By David F. Larcker and Brian Tayan *
(exechange) — June 1, 2021 — Employee activism is on the rise. Increasingly, workers are demanding their bosses take stances on social, political, or environmental issues even when unrelated to their business. One study finds a tripling of such events between 2019 and 2020 (1).
Employee activism puts pressure on companies, and CEOs, to make difficult decisions. Should they satisfy employees by supporting their views, or keep quiet and “stick to business?”
Either way, activism presents a new avenue of risk. The divisiveness of social and political issues means that taking a stance — or taking the “wrong” stance — risks alienating core constituents on one side, while keeping silent risks alienating those on the other side.
With stakeholder capital taking center stage, the scrutiny of CEO behavior in this area will increase. We have already seen activism campaigns and media articles dissecting CEO responses at Google, Wayfair, WalMart, and Microsoft.
At Amazon, CEO Jeff Bezos terminated employees who had engaged in activism, although claimed the firings were unrelated to their activism. At Coinbase, the CEO stood off against employees; 5% ended up leaving, but the CEO remained. It is hard to believe the outcomes won’t be reversed for other companies in the future.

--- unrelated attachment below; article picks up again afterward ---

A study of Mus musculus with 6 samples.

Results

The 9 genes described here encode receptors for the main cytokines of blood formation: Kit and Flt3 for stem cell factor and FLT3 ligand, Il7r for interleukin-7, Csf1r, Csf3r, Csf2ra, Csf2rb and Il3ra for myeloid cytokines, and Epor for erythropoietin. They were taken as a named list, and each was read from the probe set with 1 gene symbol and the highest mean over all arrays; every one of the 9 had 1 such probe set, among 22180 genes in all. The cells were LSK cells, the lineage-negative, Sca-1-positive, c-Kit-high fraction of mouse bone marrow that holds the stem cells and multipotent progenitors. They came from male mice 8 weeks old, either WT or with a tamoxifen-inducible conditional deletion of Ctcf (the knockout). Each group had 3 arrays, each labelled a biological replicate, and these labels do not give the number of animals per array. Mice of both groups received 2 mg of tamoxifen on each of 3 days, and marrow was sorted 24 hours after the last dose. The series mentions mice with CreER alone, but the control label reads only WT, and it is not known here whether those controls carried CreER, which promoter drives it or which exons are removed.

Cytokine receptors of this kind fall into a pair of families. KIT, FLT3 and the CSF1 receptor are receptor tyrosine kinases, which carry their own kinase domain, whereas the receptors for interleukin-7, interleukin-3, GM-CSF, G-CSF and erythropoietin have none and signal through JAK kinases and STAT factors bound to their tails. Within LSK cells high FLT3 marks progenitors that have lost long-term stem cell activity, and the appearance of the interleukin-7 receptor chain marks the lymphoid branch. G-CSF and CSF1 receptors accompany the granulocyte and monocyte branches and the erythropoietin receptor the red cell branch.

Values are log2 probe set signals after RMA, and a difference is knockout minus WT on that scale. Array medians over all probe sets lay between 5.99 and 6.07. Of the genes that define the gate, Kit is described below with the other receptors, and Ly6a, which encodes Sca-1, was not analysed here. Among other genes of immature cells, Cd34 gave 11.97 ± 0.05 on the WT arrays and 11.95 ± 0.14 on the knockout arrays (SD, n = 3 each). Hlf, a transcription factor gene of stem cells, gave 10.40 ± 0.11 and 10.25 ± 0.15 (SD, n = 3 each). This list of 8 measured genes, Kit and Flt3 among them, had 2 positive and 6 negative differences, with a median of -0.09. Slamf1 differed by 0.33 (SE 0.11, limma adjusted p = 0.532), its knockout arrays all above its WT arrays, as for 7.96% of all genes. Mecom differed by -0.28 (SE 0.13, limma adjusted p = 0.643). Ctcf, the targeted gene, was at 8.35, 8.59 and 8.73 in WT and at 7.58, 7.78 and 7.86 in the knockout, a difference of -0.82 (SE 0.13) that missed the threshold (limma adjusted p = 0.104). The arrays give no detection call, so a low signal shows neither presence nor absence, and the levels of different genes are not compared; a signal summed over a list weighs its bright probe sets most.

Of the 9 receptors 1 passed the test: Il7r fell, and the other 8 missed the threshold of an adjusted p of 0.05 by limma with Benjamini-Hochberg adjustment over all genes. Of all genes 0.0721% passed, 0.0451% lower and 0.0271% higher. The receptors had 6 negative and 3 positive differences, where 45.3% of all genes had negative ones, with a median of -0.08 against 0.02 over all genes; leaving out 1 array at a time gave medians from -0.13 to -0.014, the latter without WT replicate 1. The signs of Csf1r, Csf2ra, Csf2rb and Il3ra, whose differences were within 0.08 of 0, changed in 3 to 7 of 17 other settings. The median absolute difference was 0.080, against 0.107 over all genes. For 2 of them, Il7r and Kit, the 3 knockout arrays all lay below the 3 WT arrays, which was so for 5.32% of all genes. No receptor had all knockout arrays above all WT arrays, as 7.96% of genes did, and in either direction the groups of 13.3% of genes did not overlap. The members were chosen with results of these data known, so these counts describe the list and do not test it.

Look to see CEO turnover increase around these events, as boards and employees try to correct the missteps of their chiefs. PR departments will spin the situation, but the Push-out Score will provide a more accurate read of how many CEOs were forced out for the good of the company.
(1) Miles, Stephen and Larcker, David F. and Tayan, Brian, Protests from Within: Engaging with Employee Activists (March 8, 2021). Rock Center for Corporate Governance at Stanford University Working Paper Forthcoming, Available at SSRN: https://ssrn.com/abstract=3801120
* The authors are a professor and researcher at the Rock Center for Corporate Governance, Stanford University.
Editor’s note: This is a guest post.